Applied in Focus. Global in Reach


Play-acting as Cyber Experts for a Day: The Cyber 9/12 Strategy Challenge

By jay, on 6 March 2020

By Natalia Maj, Jay Neuner, Jiehui Song and Malla Tedroff

Sleepless nights, ever-changing information and high-stress briefings to senior officials, business leaders and policy makers – sounds like a dream job, no? The Cyber 9/12 Strategy Challenge gave our Unbreakable Cyber League team a 48-hour taste of just this life as cyber security experts, with all it entails.

The Unbreakable Cyber League

The Unbreakable Cyber League – Natalia, Jay, Malla and Jiehui

The Cyber 9/12 Strategy Challenge, held 17-18 February in the iconic BT Tower, brought together university teams from across the UK to respond to a simulated national cyber security incident. Starting from an initial brief of what has occurred, the teams decide what they’d recommend to ministers and policymakers in charge – and then recalibrate response recommendations again and again as the incident evolves (i.e. worsens) over the competition period.

The Unbreakable Cyber League – our team of four from STEaPP – came in with a mix of backgrounds. From venture capital, to government, to law, to communications – these experiences might on the face of it seem ill-fit to tackle cyber security issues. But with the backing of our MPA learning, those experiences and our cumulative skills, we went pretty far (if we do say so ourselves!). We prepared over weeks to understand the scenario, research the UK context, identify who would be responsible for our recommended actions, and decide which actions to prioritise for immediate action. As non-experts, this seemed unsurmountable at first. But we quickly adapted to the language of the UK’s cyber security institutions – Defend, Deter, Develop was our first slogan – and crafted multi-pronged responses, from counter attacks to coordinated external communications campaigns. It dawned upon us that in responding to cyber incidents, policy responses could be more critical than technical solutions.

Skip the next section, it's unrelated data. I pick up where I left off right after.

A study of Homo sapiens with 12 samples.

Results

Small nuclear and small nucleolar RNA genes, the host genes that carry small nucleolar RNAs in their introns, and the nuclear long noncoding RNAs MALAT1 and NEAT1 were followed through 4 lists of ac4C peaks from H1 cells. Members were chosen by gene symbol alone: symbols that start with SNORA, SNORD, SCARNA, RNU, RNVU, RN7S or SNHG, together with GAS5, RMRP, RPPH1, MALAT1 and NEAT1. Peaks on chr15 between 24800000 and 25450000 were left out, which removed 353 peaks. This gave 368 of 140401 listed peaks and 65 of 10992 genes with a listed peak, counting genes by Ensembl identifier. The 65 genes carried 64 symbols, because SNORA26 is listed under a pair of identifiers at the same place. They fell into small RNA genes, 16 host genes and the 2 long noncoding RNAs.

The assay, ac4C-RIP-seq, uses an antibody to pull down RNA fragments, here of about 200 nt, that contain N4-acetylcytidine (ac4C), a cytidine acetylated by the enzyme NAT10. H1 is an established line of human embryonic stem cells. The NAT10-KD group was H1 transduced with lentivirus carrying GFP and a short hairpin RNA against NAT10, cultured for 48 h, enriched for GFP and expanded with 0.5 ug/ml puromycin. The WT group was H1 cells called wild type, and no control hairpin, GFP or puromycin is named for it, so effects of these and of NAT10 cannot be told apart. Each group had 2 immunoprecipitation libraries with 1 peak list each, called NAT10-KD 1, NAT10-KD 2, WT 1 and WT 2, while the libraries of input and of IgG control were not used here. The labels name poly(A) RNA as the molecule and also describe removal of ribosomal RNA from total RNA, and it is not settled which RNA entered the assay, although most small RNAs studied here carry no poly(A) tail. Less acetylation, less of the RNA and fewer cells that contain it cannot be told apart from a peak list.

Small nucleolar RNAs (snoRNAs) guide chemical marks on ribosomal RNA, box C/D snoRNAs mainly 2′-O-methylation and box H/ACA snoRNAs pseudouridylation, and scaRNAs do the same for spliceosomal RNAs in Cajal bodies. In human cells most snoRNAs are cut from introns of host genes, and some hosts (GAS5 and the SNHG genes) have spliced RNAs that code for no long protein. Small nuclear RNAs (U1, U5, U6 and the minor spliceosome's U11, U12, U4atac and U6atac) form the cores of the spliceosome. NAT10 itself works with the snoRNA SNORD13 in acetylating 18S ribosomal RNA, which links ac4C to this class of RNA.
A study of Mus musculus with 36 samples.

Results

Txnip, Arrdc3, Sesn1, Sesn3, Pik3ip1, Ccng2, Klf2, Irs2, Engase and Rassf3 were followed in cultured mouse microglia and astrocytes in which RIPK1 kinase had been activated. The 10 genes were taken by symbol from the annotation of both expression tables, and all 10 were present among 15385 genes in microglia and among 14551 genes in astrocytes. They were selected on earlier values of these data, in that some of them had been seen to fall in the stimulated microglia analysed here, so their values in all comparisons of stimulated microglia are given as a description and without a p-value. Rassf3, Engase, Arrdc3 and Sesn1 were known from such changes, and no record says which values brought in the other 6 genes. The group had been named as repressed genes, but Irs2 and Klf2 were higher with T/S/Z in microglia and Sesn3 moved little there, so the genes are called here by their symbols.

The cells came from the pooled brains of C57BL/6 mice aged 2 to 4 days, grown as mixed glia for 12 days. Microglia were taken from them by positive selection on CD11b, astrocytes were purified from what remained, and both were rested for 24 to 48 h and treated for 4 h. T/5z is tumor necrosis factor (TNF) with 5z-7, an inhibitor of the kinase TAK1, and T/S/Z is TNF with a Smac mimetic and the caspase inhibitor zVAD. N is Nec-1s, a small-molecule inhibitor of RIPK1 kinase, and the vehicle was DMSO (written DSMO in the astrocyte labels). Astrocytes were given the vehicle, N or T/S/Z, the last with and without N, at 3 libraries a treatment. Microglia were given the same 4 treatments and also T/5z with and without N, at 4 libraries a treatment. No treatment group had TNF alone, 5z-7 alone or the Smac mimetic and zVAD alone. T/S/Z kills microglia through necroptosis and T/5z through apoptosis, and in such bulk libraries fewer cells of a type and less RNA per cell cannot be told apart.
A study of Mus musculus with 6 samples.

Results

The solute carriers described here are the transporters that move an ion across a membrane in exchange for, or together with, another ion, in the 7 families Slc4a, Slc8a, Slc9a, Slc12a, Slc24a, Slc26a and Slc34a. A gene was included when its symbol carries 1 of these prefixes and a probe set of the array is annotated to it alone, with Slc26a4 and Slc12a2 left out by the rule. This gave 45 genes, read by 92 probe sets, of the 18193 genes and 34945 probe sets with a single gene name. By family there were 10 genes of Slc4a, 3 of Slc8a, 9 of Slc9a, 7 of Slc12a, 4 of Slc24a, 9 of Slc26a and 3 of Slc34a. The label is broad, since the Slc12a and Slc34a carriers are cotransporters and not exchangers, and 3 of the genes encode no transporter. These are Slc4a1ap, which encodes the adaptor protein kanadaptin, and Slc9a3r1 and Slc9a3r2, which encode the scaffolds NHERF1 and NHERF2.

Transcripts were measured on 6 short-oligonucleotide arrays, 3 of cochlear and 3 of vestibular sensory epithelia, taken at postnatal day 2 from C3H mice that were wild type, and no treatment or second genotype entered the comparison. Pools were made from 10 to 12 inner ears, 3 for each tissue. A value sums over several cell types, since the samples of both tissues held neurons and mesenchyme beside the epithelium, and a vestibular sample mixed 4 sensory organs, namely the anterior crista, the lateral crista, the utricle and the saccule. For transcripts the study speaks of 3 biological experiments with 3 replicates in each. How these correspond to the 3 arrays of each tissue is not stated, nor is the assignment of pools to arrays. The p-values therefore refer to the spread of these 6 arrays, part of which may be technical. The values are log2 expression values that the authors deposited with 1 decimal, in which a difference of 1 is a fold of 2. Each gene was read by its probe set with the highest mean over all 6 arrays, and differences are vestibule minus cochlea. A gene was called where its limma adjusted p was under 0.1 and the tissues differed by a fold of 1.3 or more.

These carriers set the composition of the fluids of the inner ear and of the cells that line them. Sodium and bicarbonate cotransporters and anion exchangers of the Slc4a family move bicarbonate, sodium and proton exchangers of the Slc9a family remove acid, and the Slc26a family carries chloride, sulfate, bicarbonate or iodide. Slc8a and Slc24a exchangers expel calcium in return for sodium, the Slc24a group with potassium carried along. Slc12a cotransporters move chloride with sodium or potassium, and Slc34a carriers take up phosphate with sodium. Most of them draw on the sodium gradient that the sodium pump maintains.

On the day of the Cyber 9/12 Strategy Challenge, we came up against 13 teams of engineering majors, security PhD students, and other talent from around the UK, some of whom engaged in friendly ribbing over social media in the weeks prior. The ultimate winners blew us away with their poise and seemingly prescient knowledge of the crisis.

It was not only fellow students we mingled with, but also practitioners and experts working on cyber security in the private and public sectors. They shared with us their experiences across decades as cyber security has become one of the most pressing challenges for organisations and institutions as well as provided in-depth feedback to our policy responses. From BT, to the Department for Digital Culture, Media & Sports, to the National Cyber Security Centre, each of these representatives highlighted how the saturation of digital technologies – and the cyber security issues that comes with these technologies – has changed the landscape for their sector.

We walked away from the competition with a newfound understanding of the day-to-day work of groups like the National Cyber Security Centre. We’re still deciding if we want their all-nighter lifestyles – cyber security is a 24-hour job! But the Cyber 9/12 Strategy Challenge illuminated the numerous ways in which cyber security can affect any company or organisation, and some potential pathways for our future careers.

Our advice for next year’s team: Caffeinate well, get a good night’s sleep, and have fun! (And maybe start studying up on your lock-picking now…)

Natalia, Jay, Malla and Jiehui are candidates on the Digital Technologies and Policy MPA at UCL STEaPP. For more details on the MPA and how to apply, visit the STEaPP website.